Swiggy is by far the market leader with some mind-boggling metrics – 11 million monthly orders, 35,000 restaurants and 23 cities. Zomato follows suit at 7.5 million monthly in both India + UAE, while UberEats and Foodpanda do roughly a million each.
Swiggy’s growth has been fuelled with customer acquisition and the resulting burn funded by $460 MM of capital. For Zomato, I had previously looked at the clever execution of Zomato’s Gold, and I think the company has done well by monetizing its virtual monopoly on listings effectively.
Not all used to be well in doorstep delivery for food. In the nuclear summer of 2016, food startups began to fail in quick succession with the largest being TinyOwl.
The company raised almost $30MM of capital, expanded to multiple cities without much of a plan and was received with little demand and poor supply chains.
The company was a classic case of too much spent, too quickly and too haphazardly.
It is due to cases like this that my recommendation to entrepreneurs is raising only what you need as most growing startups die due to indigestion rather than the hunger for capital.
The market thus remained untouched for a year, but the recent headwinds are part of a broader trend in the market.
Companies like Swiggy own something powerful – a relationship with a customer i.e. the literal doorstep.
Hypothetically, Swiggy could sell you fruits or vegetables from a nearby store if it wanted and you might probably not think it is a bad idea. Swiggy is a logistics company that has perfected delivering externally cooked food as a use case, and this infrastructure could be flexed for other fresh products.
The fact that Swiggy finds such a gigantic market in food delivery makes it focus sharply, but the battle for your doorstep is the broader market trend.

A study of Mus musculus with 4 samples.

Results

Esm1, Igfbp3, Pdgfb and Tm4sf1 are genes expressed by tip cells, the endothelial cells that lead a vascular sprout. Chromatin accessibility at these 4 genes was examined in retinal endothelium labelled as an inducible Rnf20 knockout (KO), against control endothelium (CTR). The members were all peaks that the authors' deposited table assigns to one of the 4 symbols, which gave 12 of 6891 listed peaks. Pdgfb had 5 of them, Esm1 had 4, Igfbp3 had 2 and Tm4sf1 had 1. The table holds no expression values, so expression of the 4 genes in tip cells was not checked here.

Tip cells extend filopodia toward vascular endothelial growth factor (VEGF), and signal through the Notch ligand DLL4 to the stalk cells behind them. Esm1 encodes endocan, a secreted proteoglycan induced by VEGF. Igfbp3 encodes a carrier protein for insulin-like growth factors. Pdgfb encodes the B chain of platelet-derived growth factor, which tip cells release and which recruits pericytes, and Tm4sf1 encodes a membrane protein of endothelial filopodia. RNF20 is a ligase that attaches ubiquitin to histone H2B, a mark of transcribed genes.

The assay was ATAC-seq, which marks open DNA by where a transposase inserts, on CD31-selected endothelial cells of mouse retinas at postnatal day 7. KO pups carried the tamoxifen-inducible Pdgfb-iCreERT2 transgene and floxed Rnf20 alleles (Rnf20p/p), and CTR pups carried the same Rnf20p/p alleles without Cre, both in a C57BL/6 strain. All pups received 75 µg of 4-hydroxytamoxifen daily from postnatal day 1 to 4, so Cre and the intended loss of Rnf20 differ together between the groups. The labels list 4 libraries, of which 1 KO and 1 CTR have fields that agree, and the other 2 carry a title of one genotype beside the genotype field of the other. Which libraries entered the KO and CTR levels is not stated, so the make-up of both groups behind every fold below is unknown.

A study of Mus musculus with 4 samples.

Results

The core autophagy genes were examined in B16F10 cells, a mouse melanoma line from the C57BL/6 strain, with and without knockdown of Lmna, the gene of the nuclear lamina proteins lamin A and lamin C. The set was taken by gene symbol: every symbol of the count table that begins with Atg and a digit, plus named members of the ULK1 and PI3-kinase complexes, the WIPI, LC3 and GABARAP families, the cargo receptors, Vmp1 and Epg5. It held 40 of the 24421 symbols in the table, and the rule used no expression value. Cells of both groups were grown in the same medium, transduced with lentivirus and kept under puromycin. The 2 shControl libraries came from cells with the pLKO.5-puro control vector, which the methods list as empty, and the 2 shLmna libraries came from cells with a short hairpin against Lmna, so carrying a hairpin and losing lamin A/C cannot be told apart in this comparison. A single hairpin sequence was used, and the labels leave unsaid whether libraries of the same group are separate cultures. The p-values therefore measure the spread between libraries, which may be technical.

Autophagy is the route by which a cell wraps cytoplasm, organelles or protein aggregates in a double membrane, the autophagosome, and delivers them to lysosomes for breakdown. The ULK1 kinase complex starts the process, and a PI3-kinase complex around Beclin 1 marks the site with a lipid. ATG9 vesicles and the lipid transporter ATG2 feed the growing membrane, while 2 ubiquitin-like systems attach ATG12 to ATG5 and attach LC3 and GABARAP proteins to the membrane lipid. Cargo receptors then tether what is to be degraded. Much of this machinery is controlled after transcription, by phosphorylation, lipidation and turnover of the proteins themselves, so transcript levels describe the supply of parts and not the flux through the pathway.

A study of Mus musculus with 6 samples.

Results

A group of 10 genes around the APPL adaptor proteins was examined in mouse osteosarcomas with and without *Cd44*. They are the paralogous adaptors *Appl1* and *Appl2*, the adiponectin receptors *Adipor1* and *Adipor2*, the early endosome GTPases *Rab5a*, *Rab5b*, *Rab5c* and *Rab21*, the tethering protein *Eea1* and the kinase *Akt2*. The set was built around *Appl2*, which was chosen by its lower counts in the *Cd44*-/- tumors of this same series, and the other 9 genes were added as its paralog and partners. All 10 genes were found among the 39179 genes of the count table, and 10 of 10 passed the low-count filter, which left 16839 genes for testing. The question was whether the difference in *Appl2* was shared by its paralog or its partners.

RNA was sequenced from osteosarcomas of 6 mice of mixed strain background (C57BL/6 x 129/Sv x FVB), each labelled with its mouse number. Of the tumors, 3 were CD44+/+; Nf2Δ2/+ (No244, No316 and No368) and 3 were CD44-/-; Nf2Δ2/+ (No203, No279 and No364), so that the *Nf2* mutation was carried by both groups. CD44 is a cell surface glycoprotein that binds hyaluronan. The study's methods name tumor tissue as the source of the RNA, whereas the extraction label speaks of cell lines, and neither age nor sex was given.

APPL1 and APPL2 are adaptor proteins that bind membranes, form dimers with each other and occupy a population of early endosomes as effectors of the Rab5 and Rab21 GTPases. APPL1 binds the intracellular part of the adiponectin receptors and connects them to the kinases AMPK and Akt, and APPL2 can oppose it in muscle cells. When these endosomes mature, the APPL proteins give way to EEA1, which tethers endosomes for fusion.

Kishore Biyani’s Future Group announced that it is battling for your doorstep to push milk, fruits and vegetables. You will find the same article speculating on Swiggy getting into groceries – and the hypothetical scenario I mentioned earlier doesn’t seem wild anymore.
Flipkart and Amazon started what was the first true battle for your doorstep, but they were for infrequent transactions.
You would rarely find Amazon at your house daily, and they could afford to have infrequent transactions because of large ticket sizes. The new entrants want to be at your doorstep every day, both from a customer relationship perspective as well as pure economics.
Products like milk for retail distribution have wafer-thin gross margins of ~10-11% and fruits and vegetables at a higher 20-25%. For a milk packet of 30 INR, the company makes a contribution margin of 3 INR (after delivery and cost of goods).
Looking at pure unit economics, customer acquisition cost (CAC) usually hovers around 75-100 INR and the milk provider can recover the CAC from contribution margin after 25 units (25*Margin of 3 = CAC of 75).
The customer lifetime value (sum of contribution margin*retention) can only be at the “healthy” 3 times CAC at 75 units. It is no wonder you want consumers to order daily so that you can recover the customer acquisition cost over a few months (a.k.a payback period).
Being at your doorstep every day has powerful consequences for companies as it allows them to upsell and cross-sell.
Rather than attracting customers through deep discounting, companies maintain a relationship with the customers through a subscription. The daily cadence makes you a “utility service” for the customer, like water and electricity, and you can bundle a lot of things.
Amazon’s Prime is trying to do exactly this, starting from large-ticket (e.g. books/phones) to small ticket (milk/fruits), while the others are going the opposite way (or sideways).
This results in an interesting macro-trend, which is more strangers at your home and creates a derivative market for home tech (a discussion for another time).
The next big battle is not going to be at the store but at your door.